Dan Block is an exceptionally talented reed player, a stylish arranger and composer, a skilful bandleader and a valued sideman. He's worked with Michael Feinstein, Rosemary Clooney and Clark Terry, among others, and has also performed for Broadway shows and Hollywood movies, but he has never achieved the widespread recognition his talent deserves. From His World To Mine: Dan Block Plays The Music Of Duke Ellington should change that. It is, quite simply, gorgeous.
Block has drawn together a fascinating collection of Ellington tunes, avoiding the routinely reworked in favor of some lesser-known, but still beautiful, compositions. The selection covers a period from the early '30s to the '70s, with the majority of the tunes coming from the '40s. Block's arrangements add some contemporary twists to the songsmostly Ellington compositions, plus three by Billy Strayhornwhile his choice of musicians is also on the money. The interplay between the various combinations is a joy and Block perfectly matches instrumental lineups to the moods and styles of his chosen tunes.
In his fascinating sleeve notes Block writes fondly of the late '40s, a "somewhat neglected" period from which he takes five or six tunes. They include the lovely Strayhorn ballad, "Change My Ways," which Block combines with another Strayhorn composition, 1957's "All Heart," played as a duet with pianist Mike Kanan. The third Strayhorn tune, 1945's "Kissing Bug," is a cheery, up-tempo, number which benefits from some swinging drums and percussion from Brian Grice and Renato Thoms.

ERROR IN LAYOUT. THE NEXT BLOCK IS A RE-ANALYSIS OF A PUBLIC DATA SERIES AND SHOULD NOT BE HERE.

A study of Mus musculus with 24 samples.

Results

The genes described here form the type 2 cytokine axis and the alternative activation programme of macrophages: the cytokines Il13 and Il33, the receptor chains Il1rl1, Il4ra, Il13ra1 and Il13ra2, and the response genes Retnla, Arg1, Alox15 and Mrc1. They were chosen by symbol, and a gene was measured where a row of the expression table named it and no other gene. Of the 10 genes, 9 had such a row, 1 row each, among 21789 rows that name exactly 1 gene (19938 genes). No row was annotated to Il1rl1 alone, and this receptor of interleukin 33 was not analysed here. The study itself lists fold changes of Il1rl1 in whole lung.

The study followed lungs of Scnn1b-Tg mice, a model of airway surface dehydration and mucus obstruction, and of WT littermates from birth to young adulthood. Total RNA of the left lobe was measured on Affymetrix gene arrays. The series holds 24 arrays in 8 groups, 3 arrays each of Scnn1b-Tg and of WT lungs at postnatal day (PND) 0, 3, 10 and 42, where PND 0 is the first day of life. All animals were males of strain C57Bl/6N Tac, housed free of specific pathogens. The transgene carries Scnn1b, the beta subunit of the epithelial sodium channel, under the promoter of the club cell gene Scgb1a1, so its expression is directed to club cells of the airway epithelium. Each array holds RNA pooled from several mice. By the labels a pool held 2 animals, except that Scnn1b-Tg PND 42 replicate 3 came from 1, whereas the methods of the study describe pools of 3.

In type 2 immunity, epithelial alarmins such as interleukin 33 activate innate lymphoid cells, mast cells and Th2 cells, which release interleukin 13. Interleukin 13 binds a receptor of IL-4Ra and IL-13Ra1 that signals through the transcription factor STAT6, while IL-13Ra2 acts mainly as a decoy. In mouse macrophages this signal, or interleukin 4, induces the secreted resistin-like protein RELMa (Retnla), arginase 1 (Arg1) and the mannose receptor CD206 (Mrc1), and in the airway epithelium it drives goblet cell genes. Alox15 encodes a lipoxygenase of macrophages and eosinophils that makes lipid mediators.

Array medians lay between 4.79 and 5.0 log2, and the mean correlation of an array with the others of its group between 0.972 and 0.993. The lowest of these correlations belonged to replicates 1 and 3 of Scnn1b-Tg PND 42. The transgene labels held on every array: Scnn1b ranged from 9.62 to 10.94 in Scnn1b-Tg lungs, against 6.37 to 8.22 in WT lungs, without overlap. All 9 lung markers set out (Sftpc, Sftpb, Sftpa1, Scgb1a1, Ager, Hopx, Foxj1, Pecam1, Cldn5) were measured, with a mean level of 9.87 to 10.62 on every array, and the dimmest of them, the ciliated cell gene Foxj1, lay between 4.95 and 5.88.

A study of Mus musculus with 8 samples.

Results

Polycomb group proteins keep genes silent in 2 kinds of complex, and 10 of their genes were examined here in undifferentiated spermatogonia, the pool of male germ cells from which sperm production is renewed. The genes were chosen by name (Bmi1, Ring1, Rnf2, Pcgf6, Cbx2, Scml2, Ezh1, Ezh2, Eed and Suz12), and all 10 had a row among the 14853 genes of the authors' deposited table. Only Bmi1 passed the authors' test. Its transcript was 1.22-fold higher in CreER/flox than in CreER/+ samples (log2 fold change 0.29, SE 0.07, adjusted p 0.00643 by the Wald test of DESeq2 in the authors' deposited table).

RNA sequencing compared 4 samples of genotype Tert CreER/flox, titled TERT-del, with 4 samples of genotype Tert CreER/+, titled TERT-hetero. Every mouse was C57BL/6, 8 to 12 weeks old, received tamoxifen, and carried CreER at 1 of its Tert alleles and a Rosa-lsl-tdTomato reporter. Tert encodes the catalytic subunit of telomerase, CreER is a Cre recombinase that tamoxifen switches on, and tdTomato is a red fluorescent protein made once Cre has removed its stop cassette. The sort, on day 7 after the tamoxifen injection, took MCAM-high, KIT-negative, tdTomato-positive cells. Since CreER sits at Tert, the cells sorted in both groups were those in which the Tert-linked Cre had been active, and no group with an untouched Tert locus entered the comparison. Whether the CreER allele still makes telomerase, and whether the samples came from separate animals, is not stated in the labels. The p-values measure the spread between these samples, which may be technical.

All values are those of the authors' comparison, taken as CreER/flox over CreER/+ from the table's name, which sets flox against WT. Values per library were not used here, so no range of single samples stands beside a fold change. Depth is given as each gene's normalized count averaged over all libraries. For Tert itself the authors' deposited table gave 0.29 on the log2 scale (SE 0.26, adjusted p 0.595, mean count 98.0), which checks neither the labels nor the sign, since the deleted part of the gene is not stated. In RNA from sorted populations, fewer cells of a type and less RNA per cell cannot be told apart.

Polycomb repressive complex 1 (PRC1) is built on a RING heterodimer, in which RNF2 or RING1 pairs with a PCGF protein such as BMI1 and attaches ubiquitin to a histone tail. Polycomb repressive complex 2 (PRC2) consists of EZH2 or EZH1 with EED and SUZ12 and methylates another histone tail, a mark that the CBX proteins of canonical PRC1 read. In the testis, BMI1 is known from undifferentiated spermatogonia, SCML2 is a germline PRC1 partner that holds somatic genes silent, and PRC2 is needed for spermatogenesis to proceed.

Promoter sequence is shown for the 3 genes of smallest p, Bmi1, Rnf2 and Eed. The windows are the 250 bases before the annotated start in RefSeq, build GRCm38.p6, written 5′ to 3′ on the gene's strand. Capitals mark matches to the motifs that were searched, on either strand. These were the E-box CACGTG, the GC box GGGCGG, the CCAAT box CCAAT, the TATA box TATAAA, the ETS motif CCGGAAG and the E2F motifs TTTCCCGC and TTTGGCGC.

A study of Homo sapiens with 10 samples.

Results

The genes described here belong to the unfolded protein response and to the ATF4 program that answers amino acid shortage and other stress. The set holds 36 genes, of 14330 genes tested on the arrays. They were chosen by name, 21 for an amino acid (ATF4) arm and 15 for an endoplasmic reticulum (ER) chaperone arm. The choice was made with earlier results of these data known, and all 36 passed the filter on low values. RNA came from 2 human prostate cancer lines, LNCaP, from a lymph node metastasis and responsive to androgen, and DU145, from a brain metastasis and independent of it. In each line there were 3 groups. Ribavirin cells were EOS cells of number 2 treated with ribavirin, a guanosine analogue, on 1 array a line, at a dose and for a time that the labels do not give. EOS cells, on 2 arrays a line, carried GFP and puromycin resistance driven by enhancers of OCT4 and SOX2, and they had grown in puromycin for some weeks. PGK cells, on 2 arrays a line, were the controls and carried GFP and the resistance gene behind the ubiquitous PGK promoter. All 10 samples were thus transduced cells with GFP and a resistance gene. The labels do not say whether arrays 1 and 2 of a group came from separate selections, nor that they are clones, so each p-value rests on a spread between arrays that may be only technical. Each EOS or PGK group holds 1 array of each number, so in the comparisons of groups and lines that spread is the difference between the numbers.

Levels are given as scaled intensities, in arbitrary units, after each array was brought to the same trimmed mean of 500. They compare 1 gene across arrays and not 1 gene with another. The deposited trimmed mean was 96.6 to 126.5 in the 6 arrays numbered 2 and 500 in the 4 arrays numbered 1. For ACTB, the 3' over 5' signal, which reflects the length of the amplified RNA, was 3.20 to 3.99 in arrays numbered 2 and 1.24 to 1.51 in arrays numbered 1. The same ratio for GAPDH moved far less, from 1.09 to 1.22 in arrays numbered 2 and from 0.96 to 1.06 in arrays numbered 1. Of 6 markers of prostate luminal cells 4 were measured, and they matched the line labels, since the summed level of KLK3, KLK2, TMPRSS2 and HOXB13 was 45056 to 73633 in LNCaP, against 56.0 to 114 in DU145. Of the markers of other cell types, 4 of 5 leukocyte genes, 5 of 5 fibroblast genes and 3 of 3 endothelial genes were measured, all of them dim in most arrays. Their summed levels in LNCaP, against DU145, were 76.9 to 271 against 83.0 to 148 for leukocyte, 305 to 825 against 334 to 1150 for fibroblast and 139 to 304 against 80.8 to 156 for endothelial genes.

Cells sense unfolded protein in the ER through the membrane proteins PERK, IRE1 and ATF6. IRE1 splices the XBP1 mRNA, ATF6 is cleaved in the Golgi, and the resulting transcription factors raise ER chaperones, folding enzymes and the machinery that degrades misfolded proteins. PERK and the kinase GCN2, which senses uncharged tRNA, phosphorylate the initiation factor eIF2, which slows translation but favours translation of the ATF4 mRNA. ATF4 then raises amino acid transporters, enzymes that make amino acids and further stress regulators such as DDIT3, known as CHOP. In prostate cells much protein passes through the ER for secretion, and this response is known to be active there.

The remaining tunes demonstrate Ellington's masterful abilities as a composer and showcase Block and his fellow musicians' undoubted qualities as players. Block's superb clarinet playing is highlighted on the amusing, sparky and decidedly upbeat "Old King Dooji," his performance lyrical and melodic, while James Chirillo's deft and swinging acoustic guitar playing on "Portrait of Bert Williams" is a delight.
"Mt Harrissa" is, perhaps, the least Ellingtonian arrangement of the set. Originally part of Ellington's "Far East Suite," Block invests it with a samba rhythm, giving his own tenor saxophone playing a touch of Stan Getz and sharing the melody with Mark Sherman's crystal-clear, sparkling, vibes. The list could go on, for there isn't a weak spot to be found.
From His World To Mine: Dan Block Plays The Music Of Duke Ellington may not be the slickest album title ever created, but every other aspect of this recording is a joy. Block's song choices give the spotlight to some lesser-known Ellington tunes, and his arrangements ensure that they have a modern sound while still remaining true to the spirit of the originals. The musicianship of Block and his fellow artists has warmth as well as technical skill, creating a superbly crafted, feel-good, album on every level.
Kissing Bug; New York City Blues; Old King Dooji; Morning Glory; Are You Stickin'?; The Beautiful Indians; Suburbanite; Ballad Medley (All Heart / Change My Ways); Portrait of Bert Williams; Mt Harrissa; Creole Blues; Cotton Club Stomp; Rocks in my Bed; Second Line.
Dan Block: clarinet, bass clarinet, Eb clarinet, Bb clarinet, alto saxophone, tenor saxophone; Mike Kanan: piano; Lee Hudson: bass; James Chirillo: guitar; Brian Grice: drums; Mark Sherman: vibes (1, 2, 5, 10, 14); Renato Thoms: percussion (1, 2, 5, 10, 14); Pat O'Leary: cello (6, 9, 13).